At least two people were killed, including a US contractor, when suicide bombers attacked a police training centre in Kandahar on Monday in the latest Taliban assault aimed at countering a big Nato operation to secure the city.

The US embassy said an American working for Dyncorp, the US security company, and another foreign national were among the dead.

Police gunned down two of the would-be bombers after the first attacker blew himself up in an attempt to breach the base wall, said Zemarai Bashary, interior ministry spokesman.

Mr Bashary denied that anybody had been killed apart from the three assailants. It was not immediately possible to account for the discrepancy between his account and the report of at least two civilian deaths announced by the US embassy.

The raid underscored the vulnerability of Afghanistan’s second-biggest city at a time of uncertainty in the upper echelons of the security services following the resignations of the interior minister and head of the intelligence service on Sunday.

Hanif Atmar, the interior minister, and Amrullah Saleh, the head of the National Directorate of Security, Afghanistan’s spy agency, were forced to step down after President Hamid Karzai ordered an investigation into an attack on the start of a three-day peace meeting in Kabul last week. Insurgents evaded a massive security blanket to fire rockets and battle police, although the event went ahead as planned and the only casualties were militants.

The resignations surprised US officials, who regarded Mr Atmar and Mr Saleh as among the most competent and reliable members of Mr Karzai’s team. Robert Gates, the US defence secretary, told reporters travelling with him to London on Monday that he hoped Mr Karzai would appoint successors of “equal calibre”. “It’s obviously an internal matter for the Afghans,” Mr Gates said.

Taliban insurgents have launched a campaign of bombings and assassinations to try to thwart attempts by Nato allies to bolster the weak administration of Tooryalai Wesa, Kandahar’s provincial governor, and build up local security forces. A bomb exploded outside the governor’s office on Saturday, killing a policeman and wounding bystanders.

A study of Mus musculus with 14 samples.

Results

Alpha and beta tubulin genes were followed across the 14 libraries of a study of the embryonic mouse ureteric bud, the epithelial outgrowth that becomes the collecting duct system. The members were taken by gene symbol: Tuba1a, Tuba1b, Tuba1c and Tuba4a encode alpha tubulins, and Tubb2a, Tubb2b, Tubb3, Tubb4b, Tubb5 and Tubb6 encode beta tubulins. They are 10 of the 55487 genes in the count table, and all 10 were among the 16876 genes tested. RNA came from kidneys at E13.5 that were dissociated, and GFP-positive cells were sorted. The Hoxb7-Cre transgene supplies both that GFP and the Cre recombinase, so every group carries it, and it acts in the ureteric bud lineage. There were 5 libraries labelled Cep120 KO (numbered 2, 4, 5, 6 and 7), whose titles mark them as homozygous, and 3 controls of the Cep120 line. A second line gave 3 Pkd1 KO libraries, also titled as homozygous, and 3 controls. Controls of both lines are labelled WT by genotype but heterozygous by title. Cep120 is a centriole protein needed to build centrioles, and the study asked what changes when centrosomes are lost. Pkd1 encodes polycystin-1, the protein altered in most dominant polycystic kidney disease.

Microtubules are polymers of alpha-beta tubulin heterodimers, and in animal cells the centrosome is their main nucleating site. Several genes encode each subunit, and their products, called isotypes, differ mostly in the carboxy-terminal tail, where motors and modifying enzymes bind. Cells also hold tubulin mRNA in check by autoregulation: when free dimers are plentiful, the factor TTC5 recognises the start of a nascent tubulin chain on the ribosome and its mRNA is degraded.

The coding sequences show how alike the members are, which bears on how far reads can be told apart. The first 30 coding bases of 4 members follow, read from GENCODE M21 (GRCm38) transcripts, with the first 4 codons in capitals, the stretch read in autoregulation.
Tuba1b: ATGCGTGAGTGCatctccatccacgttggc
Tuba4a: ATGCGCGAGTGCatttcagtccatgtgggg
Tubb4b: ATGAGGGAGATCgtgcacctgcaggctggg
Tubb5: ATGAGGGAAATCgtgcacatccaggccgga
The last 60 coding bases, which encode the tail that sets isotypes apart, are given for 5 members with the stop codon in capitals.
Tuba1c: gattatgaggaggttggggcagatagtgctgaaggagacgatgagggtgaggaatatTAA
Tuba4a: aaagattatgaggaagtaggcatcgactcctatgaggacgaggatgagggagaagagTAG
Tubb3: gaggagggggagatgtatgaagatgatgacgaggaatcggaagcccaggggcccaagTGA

Nato sees securing Kandahar, the cradle of the Taliban, as critical to a broader strategy to roll back the insurgency’s gains of recent years by protecting key population centres and denying fighters safe havens.

A growing number of US troops are being deployed on missions to secure districts around the city, while Canadian trainers work to improve the ability of the often ineffectual Afghan police to protect the urban centre. The operation, Nato’s biggest in Afghanistan, is seen as vital to turning the course of the nine-year war before US troops begin to withdraw in July 2011.

Western allies regard building up Afghanistan’s army and police as a critical component of their exit strategy for about 140,000 foreign troops. A US government audit to be released at the end of this month will cast doubt on the $25bn training effort. According to the audit, the standards used to appraise the Afghan forces since 2005 were woefully inadequate, inflating their abilities.

US commanders have cast Afghan forces in a vital supporting role in their campaign in Kandahar, although recent reports from the field have depicted Afghan units as disorganised and unable to function independently.